Appearing for the first time in his career as a Nittany Lion at Penn, just 18 miles from his native Fort Washington, Pa., Julian Moore registered two points, two rebounds and a block in 15 minutes of action.
The third game of Penn State's 2013-14 campaign, Moore would appear in six of the Lions' next seven games, giving every indication that he'd play a role for the rest of the season.
Yet, as Moore now reflects, his year was "a little bit all over the place."
"The mask that's supposed to protect your face, it got hit and of course my nose got hit by the mask and it got pushed out of place. I was done. I couldn't breathe through my nose," he said. "They just sat me down with Saz the trainer and Coach Chambers and we just thought it would be best for me to redshirt last year."
The setback may have been a blessing in disguise.
Having enrolled at Penn State as a 6-foot-10, 215 pound forward, Moore was able to spend the time away building muscle and bulk in the weight room while crafting his game. Now listed at 235 pounds, the Germantown Academy product says the year was far from being a wash.
"Obviously, I wanted to play, but I did get some time and I got a little bit of time off to work on my body and my game, getting mentally prepared to play and everything," he said. "So I think it was beneficial."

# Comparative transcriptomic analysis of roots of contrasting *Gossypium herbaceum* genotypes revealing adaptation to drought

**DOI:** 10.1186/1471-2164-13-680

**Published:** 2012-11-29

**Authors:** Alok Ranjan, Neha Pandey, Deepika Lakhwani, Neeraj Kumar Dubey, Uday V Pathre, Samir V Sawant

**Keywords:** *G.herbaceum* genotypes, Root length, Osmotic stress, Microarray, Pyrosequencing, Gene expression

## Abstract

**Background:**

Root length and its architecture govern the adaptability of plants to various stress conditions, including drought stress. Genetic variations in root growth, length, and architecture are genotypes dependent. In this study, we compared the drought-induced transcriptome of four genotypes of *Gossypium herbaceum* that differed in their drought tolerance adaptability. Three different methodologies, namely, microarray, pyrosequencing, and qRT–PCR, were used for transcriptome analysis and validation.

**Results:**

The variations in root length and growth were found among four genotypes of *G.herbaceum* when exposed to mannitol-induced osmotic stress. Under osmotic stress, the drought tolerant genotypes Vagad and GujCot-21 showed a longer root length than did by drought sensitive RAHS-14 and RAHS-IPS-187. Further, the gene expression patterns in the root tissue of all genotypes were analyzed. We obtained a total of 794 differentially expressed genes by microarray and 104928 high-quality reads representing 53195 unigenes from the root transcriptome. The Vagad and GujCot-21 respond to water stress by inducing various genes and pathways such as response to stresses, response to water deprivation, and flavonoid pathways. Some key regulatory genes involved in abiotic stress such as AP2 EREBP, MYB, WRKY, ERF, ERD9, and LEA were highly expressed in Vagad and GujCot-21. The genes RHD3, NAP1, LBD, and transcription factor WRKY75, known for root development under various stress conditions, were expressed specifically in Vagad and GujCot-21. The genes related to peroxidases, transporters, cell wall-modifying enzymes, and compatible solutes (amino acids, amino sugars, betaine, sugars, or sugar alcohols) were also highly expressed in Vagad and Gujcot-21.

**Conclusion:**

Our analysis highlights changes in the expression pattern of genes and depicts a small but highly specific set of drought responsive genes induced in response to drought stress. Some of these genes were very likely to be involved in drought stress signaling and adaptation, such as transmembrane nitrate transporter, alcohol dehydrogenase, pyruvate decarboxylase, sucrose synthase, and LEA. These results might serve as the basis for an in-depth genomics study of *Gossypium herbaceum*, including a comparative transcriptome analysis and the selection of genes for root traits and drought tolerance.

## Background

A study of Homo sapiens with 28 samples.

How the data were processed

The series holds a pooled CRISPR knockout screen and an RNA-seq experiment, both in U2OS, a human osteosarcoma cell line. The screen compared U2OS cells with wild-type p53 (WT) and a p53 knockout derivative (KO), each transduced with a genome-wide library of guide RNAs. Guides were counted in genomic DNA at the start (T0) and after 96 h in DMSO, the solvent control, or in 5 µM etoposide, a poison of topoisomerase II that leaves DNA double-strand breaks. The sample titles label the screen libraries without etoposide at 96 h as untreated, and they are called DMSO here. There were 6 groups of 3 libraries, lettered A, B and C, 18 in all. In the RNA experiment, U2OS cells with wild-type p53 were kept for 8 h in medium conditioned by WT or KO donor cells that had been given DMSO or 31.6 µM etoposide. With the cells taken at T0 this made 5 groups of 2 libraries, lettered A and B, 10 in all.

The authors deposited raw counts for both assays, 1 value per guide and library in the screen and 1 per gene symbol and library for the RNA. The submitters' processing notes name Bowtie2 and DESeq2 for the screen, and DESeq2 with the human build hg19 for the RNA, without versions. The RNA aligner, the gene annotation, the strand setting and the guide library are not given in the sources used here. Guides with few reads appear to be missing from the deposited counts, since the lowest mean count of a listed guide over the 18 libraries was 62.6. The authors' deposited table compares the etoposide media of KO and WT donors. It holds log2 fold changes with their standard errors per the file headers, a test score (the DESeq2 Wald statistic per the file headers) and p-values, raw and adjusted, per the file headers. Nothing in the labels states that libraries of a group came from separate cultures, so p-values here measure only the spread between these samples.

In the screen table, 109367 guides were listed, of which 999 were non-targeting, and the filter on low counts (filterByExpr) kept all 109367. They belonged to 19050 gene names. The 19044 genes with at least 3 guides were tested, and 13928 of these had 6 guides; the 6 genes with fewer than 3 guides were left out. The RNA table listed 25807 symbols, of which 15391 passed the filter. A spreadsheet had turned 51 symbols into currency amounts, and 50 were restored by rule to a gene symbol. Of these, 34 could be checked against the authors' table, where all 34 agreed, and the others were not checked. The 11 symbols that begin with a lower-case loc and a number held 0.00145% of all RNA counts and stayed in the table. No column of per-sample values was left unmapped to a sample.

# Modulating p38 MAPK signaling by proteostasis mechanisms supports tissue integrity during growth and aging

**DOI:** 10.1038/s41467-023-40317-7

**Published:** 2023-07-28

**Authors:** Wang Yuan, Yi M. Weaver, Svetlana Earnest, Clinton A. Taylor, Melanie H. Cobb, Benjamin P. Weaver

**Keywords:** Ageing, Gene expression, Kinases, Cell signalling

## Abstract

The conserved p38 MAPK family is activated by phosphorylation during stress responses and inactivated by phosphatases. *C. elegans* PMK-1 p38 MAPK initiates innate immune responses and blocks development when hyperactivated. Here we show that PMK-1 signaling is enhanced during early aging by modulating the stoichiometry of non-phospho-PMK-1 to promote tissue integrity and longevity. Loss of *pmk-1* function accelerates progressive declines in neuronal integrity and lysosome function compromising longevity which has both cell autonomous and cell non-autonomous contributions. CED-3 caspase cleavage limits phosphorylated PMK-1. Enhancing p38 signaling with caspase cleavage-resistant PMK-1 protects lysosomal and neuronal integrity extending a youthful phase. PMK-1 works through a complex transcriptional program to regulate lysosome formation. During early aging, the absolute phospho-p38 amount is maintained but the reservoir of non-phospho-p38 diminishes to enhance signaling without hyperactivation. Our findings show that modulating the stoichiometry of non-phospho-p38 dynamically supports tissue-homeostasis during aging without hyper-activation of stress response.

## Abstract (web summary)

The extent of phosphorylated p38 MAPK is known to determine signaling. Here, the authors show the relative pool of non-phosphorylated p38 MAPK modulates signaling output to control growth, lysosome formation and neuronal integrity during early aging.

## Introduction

Specifically pointing to his work in the weight room, Moore can now acknowledge that, at the time anyway, he wasn't exactly physically or mentally ready for the challenges that accompany a true freshman's first year of Big Ten basketball.
"I know for a fact that I had to get stronger. I was really underweight for my position," he said, noting his desire to reach 240 pounds before the start of the season in October. "From a basketball standpoint, I had to tighten up and really solidify my game throughout the floor. I guess I was a little bit raw all around when I first came here, but working with the coaches and everything really helped me get my game together."
In a better place physically, mentally and developmentally, Moore now looks and acts the part.
Recently granted a medical hardship waiver by the NCAA for his tribulations last year, Moore now has four years of eligibility left in his career at Penn State.
Still realizing the challenges that are ahead against the bigger bodies of opponents in the Big Ten, Moore notes that he "should be playing the four" but is happy to compete at any position head coach Patrick Chambers places him. Not shying away from the opportunity now within sight for the Nittany Lions, the feelings left by a year that wasn't have been replaced by complete and heightened anticipation.
"I can't wait, personally. I know there's going to be a ton of contact and a ton of fun," he said.